Today we are talking about 5 simple ways to manage your anxiety. Anxiety has many symptoms including insomnia, sweating, heart palpitations, difficulty concentrating, numbness or tingling in the hands and feet, difficulty remaining calm, and shortness of breath.
The emotional processing area of the brain, the limbic system, includes the hippocampus and amygdala. Both the overall size and the ability of the hippocampus to grow new nerve cells is related to the ability to manage stress and bounce back from stressful situations. The amygdala is a more primal brain structure, giving rise to the fear responses we know so well: increased heart rate, startle response, freezing in social situations, and even ulcers.
Neurotransmitters, the compounds that signal different nervous system actions, are also responsible for our ability to manage anxiety. GABA, serotonin, and dopamine are examples of neurotransmitters that influence mood, anxiety, and the ability to handle stressful situations.
Other contributing factors include genes, like COMT and Monoamine oxidase-A, the food you eat, the people you interact with, learned emotional reactions and stress management, family history, the type of movement you implement into your day, your ability to breath, and your exposure to chemicals and toxins
So what do you have control over if you experience chronic anxiety?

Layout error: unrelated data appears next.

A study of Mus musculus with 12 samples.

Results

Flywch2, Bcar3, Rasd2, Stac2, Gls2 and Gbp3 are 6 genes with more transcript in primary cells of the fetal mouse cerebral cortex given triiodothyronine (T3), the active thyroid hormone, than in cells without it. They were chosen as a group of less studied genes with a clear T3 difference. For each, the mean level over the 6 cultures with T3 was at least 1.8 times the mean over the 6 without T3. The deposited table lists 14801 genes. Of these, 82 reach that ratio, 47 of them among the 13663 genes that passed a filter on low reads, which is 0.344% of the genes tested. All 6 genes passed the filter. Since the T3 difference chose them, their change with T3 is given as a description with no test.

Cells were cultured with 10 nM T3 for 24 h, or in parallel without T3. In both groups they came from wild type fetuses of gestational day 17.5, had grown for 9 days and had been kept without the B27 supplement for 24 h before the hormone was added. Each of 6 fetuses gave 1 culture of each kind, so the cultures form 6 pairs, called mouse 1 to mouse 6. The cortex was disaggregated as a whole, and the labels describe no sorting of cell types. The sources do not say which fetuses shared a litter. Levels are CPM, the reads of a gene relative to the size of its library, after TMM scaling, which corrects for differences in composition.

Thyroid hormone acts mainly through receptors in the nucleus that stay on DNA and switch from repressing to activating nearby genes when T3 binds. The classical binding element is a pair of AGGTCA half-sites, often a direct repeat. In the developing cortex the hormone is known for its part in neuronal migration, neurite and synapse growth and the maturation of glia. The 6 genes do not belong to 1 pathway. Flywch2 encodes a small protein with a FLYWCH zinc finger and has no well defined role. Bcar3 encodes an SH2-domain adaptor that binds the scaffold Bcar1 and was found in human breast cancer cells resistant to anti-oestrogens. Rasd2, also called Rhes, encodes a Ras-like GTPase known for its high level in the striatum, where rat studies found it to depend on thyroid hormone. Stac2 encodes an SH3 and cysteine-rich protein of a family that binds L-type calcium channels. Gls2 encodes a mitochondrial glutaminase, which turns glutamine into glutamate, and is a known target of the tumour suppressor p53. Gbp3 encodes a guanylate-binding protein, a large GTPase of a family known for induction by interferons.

- Take some deep belly breathes. This helps stimulate your vagus nerve, taking you out of “fight or flight”/anxious mode, and putting your nervous system into “rest and digest”/calm mode.
- Try GABA – although the ability for GABA to cross the blood brain barrier is not well known, as little as 100mg daily has been shown to have calming effects in the brain. L-theanine, an extract from green tea, can also support GABA production.
- Do you have an activity you love? Do you have an outdoor activity that you love? Studies show that spending time outdoors moving your body (a walk, a run, a bike ride), help calm the brain and decrease worrying.
- Add a calming ritual to your day. Forming new habits like meditation, spending 10-20 minutes breathing in the mornings and evenings, and journaling allows for the programming of calm in your day.
- Add more whole foods into your diet: dark green leafy vegetables, lean and clean protein sources, healthy fats; and avoid refined sugars, starchy foods, gluten, food dyes, processed foods with chemicals (especially MSG), and caffeine. Eat to support a calm nervous system and balanced blood sugar.
If you experience chronic anxiety and have difficulty managing it, talk to your naturopathic doctor or seek a psychologist who practices Cognitive Behavioural Therapy.
Hi, I’m Dr. Jenny Schmidt-White. My practice focuses on family health and wellness, healthy aging for men and women and optimizing fertility & hormone function. I work with you, within realistic and sustainable parameters, to find the root cause of dysfunction in your body and address it.